Maps of places that don’t exist are not a new idea. Whether or not maps are provided with a story, or whether fans map it out themselves, people like a sense of place provided with a story.
Here are a few examples I have found.
There haver been several iterations of Arkham and Innsmouth, by fans and through more official means, but the main things remain the same. Once you have provided a series of locations, and you know their vague relation to one another, you can start to map it out. As we know that Arkham and Innsmouth are in Massachusetts, we know that there will be a sort of grid pattern to the layout. If this were anywhere else, the layout would be slightly different. Knowing a vague location can change the interpretation greatly.
Middle Earth has had a map since its conception, to the best of my knowledge, but nevertheless, we know that it represents England and Ireland. People have made their own versions, but the major regions and the rough layout will be the same.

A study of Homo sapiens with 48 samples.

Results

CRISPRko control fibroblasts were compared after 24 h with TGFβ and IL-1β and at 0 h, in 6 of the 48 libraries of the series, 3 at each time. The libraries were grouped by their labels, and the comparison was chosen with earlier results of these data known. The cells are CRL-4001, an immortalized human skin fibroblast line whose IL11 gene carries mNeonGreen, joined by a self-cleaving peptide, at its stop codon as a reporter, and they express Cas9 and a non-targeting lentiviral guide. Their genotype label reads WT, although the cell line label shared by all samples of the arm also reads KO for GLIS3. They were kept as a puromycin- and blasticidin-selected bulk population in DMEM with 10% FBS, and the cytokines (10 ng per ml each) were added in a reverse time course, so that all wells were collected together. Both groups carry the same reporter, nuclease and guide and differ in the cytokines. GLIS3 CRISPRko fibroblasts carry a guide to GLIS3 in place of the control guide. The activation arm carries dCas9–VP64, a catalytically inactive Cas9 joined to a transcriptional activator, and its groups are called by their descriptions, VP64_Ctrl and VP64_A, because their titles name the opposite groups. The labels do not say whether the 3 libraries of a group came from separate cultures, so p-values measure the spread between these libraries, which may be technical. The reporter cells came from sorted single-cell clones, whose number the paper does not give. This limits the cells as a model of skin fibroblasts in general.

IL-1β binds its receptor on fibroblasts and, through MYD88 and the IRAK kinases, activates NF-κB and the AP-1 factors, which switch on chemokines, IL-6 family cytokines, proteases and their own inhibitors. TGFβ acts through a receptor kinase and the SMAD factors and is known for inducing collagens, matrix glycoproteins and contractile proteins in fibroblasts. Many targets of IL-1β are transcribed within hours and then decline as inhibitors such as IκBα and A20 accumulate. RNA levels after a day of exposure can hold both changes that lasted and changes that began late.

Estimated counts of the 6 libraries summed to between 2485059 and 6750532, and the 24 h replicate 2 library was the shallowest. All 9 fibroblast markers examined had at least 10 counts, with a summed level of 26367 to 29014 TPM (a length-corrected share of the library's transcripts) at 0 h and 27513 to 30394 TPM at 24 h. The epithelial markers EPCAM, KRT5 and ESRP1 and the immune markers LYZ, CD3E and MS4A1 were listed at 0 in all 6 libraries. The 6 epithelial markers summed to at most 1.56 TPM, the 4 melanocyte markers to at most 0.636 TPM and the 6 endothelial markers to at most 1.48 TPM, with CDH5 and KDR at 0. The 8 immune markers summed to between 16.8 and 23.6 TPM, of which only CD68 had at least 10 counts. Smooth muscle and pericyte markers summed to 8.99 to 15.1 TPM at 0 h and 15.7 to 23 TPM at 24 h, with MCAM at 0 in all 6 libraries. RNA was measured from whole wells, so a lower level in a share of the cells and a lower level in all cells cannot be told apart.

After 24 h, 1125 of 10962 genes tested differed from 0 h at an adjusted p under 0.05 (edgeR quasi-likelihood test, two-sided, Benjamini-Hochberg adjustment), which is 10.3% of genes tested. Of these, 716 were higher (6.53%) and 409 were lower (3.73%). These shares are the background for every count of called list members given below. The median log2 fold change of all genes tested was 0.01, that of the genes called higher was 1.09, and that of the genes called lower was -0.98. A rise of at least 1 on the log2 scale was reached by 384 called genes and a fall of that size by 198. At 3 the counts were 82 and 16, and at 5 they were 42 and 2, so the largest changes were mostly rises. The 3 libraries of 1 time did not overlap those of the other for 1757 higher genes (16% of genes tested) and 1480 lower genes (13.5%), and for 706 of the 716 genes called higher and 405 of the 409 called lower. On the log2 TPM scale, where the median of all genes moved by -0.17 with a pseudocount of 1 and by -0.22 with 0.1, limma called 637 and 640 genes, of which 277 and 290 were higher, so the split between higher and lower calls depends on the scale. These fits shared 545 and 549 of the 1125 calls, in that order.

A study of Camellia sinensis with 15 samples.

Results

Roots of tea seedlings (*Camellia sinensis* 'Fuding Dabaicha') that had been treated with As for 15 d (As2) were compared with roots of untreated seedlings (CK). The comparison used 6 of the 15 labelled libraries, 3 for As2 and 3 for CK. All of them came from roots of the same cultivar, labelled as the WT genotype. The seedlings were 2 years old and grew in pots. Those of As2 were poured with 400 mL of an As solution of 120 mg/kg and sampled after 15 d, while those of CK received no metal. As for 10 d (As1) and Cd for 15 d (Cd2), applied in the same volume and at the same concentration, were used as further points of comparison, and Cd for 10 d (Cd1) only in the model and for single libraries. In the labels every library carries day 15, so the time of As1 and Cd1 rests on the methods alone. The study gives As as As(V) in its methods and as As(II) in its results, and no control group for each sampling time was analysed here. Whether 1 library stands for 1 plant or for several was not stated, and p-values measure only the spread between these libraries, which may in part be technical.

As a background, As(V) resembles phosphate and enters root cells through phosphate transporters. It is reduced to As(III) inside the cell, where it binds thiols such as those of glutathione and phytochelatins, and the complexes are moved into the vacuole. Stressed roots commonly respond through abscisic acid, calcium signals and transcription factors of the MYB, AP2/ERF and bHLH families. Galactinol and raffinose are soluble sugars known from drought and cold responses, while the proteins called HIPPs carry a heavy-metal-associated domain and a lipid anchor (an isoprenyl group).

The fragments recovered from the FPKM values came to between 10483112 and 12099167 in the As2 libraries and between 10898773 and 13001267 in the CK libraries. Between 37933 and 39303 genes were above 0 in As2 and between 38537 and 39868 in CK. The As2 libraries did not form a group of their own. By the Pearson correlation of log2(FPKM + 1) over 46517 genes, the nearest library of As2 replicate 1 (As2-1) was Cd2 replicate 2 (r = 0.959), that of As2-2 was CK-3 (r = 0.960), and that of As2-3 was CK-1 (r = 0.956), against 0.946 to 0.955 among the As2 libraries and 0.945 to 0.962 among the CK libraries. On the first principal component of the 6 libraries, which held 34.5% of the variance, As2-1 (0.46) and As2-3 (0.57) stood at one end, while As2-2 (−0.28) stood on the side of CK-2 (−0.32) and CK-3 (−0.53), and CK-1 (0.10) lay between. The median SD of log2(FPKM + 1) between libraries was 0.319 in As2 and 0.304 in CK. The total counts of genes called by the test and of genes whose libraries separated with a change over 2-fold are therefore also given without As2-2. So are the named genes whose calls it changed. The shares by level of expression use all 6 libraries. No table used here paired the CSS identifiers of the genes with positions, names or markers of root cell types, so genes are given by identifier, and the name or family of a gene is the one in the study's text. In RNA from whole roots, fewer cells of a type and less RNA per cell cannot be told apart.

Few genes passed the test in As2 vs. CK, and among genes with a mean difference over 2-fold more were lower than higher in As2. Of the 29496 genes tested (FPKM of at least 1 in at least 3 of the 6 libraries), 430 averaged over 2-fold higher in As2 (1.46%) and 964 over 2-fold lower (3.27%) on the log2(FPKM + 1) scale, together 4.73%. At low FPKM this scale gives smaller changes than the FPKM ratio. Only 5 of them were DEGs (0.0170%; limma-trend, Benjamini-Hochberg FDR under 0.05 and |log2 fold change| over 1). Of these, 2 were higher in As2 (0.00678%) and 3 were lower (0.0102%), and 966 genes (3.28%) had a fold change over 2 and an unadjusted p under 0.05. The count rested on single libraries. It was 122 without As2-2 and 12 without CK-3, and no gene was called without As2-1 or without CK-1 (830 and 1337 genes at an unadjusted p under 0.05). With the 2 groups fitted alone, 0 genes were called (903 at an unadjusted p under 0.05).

Neverwhere is quite an interesting one, because London exists. We know how London is laid out, we know how it works, but Neil Gaiman has used the template of London and reimagined it in his own way to produce a shadow version of London. We can follow the story on the map, however we know that because the London is not quite the same, it would not be the same experience. Using somewhere real as a template is an interesting technique, one used in the His Dark Materials Trilogy, and The Raw Shark Texts. Once again, we know the rough layout, but the world that is written about exists beneath what we can see, so there is still some room for artistic manipulation of space.
Twin Peaks is another interesting one, because we know roughly what it looks like. In the series, maps appear in various locations, and even reasonably detailed maps appear at one point in the Owl Cave, and on the blackboard in the Police Station, but this does not stop people from imagining it in their own way. Even given a very basic layout allows people to explore and imagine it in their own means.
Would it be best, then, to completely invent a new place, or to base Malice-Upon-Woe on a place that already exists? Could I borrow some locations from some places and make a hybrid of several towns? Should I be very detailed, or leave it more open to people’s imaginations? These are all things worth considering, and will change the way I create the maps.
For now, it is good to see the amount of detail that goes into other peoples ideas of what places look like.